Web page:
County Services Brace Themselves For Budget Cuts' Fallout

Volunteer Firefighters Fret Over Losing Training

October 13, 1991|By Greg Tasker | Greg Tasker,Staff writer

From Westminster to Lineboro to Taneytown, volunteer fire departmentchiefs in Carroll are bracing themselves for the likelihood of providing the same services with less money and less training for their crews.

The numbers aren't official yet, but the county commissionersare looking to trim $140,000 from the $2 million earmarked for Carroll's 14 fire departments this fiscal year, said Steven D. Powell, director of the county's Department of Management and Budget.

Additionally, the state has cut 18 percent of its $2.7 million appropriation to the Maryland Fire and Rescue Institute, which providesbasic and advanced training to firefighters and rescue personnel, said Pat Marlatt, assistant director of MFRI at the University of Maryland, College Park.

And the governor has proposed cutting about $29,000 of a $116,000 grant from the state to Carroll's volunteer fire companies.

Each company will feel some effect -- though minimal -- from that cut, said C. Oscar Baker, president of the Carroll County Volunteer Firemen's Association, which observed Fire Prevention Week last week.

"We're more interested in what's going to happen with the county," he said. "We're working with county government, and hopefully, our budget won't be cut to the effect that our service will be felt by our citizens. We don't know what the final amount will be."

The county provides about 70 percent of the fire companies' annual budgets. The remainder comes from such fund-raisers as raffles, dinners and fairs.

Marlatt said the cut in MFRI money means layoffs of part-time clerical and support employees. The institute, which trains about 13,000 students annually, is reassigning administrative personnel to teaching positions.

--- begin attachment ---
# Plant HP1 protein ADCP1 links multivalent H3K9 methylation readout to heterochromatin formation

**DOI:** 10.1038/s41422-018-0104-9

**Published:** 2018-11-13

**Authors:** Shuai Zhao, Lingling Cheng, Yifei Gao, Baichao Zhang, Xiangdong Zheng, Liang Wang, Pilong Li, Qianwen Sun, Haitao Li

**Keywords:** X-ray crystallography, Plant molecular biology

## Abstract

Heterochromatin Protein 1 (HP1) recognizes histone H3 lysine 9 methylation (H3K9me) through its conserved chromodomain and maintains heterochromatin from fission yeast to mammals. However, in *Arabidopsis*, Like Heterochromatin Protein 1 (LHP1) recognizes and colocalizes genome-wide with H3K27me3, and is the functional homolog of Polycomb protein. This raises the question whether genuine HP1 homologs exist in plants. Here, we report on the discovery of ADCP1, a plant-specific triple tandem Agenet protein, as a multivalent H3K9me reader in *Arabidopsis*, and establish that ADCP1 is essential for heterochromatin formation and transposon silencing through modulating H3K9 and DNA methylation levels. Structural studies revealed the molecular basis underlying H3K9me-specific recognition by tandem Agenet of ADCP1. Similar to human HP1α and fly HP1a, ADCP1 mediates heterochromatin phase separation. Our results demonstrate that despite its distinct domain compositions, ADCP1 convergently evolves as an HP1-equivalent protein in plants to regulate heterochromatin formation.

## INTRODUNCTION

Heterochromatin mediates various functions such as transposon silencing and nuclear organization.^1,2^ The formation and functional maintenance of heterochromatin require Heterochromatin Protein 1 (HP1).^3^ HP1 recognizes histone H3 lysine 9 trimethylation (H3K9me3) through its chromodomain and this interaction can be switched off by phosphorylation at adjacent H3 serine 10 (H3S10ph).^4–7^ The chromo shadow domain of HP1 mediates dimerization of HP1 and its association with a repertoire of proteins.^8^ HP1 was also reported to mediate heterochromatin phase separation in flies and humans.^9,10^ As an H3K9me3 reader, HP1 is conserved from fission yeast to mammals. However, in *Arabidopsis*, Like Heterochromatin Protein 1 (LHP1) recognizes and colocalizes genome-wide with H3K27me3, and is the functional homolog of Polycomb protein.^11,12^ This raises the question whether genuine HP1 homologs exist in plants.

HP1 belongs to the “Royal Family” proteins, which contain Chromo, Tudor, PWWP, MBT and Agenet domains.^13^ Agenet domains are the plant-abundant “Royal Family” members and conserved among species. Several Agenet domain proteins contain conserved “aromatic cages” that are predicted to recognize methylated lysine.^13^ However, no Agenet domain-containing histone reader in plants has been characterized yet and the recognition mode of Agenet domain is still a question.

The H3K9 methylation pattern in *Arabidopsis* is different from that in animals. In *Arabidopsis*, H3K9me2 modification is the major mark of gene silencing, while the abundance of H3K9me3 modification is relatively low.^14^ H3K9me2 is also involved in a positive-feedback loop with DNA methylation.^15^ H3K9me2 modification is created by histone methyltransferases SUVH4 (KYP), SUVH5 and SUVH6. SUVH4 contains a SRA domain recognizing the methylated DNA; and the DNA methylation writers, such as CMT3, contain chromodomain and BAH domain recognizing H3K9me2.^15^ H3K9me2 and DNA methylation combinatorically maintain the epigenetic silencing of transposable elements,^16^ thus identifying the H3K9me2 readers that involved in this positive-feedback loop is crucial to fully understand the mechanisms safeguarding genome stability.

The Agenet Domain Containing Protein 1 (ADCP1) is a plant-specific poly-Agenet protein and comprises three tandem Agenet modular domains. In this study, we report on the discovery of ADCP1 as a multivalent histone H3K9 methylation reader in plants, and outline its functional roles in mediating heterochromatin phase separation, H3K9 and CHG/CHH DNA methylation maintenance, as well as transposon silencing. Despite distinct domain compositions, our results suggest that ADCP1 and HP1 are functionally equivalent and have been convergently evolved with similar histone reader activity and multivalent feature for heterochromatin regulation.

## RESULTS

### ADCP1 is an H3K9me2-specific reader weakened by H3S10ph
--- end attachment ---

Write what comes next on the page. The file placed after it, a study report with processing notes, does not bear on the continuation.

Still, the class offerings -- 500 to 600courses a year -- is likely to be reduced, he said.

"We don't know where yet," Marlatt said. "We're shifting full-time personnel into doing more instruction. Further, we've shifted funds from other areasand made instruction a priority."

It's the possible loss of training that particularly worries Carroll fire departments. Although MFRImay be able to shift priorities for this fiscal year to accommodate training needs, it may not be able to do so in fiscal 1993, in which the state budget deficit is estimated to be about $1 billion, fire officials said.

"In 1993, there may not be such a thing as advance training of any kind," Baker said. "It's really a bad situation."

Volunteer firefighters, like ambulance personnel, have to be trained. If training is not available through the state, fire companies will have difficulties recruiting new members and maintaining existing rosters.

"We realize there are dollar shortages, but for all volunteers are giving to communities, adequate funding should be made available for training and certification of these people at all levels," saidBernie Smith, president of the Maryland Volunteer Firemen's Association.

Smith said the group is monitoring the financial situation and is planning a campaign to counter cuts. He would not divulge details of that campaign.

Any cut in advanced training is worrisome, said Jay Nusbaum, chief of the Westminster Volunteer Fire Company.

"The basics is just that," he said. "It just gets you to the point of having working knowledge of fire service. We have to continually move ahead. We can't go out by our shirttails and do a job. We have to be as professional as people who are being paid for this."

The loss in county dollars will mean fire companies must rearrange priorities in their operating budgets -- which cover such things as building and equipment maintenance, fuel and tools.

"We'll just be robbing Peter to pay Paul," Nusbaum said. "In places we had moneys allotted for special tools, we're holding off."

Fire companies have no plans to curtail services and don't see any danger to county residents. But the cuts do mean fire companies will be forced to do more fund-raising,said Kevin Dickmyer, vice president of the Lineboro Volunteer Fire Department.

"If our budget is cut back and we have to raise another5 to 10 percent, it's going to mean firefighters' giving more of their time for fund-raising. That's less time each will be able to give to go out and fight fires."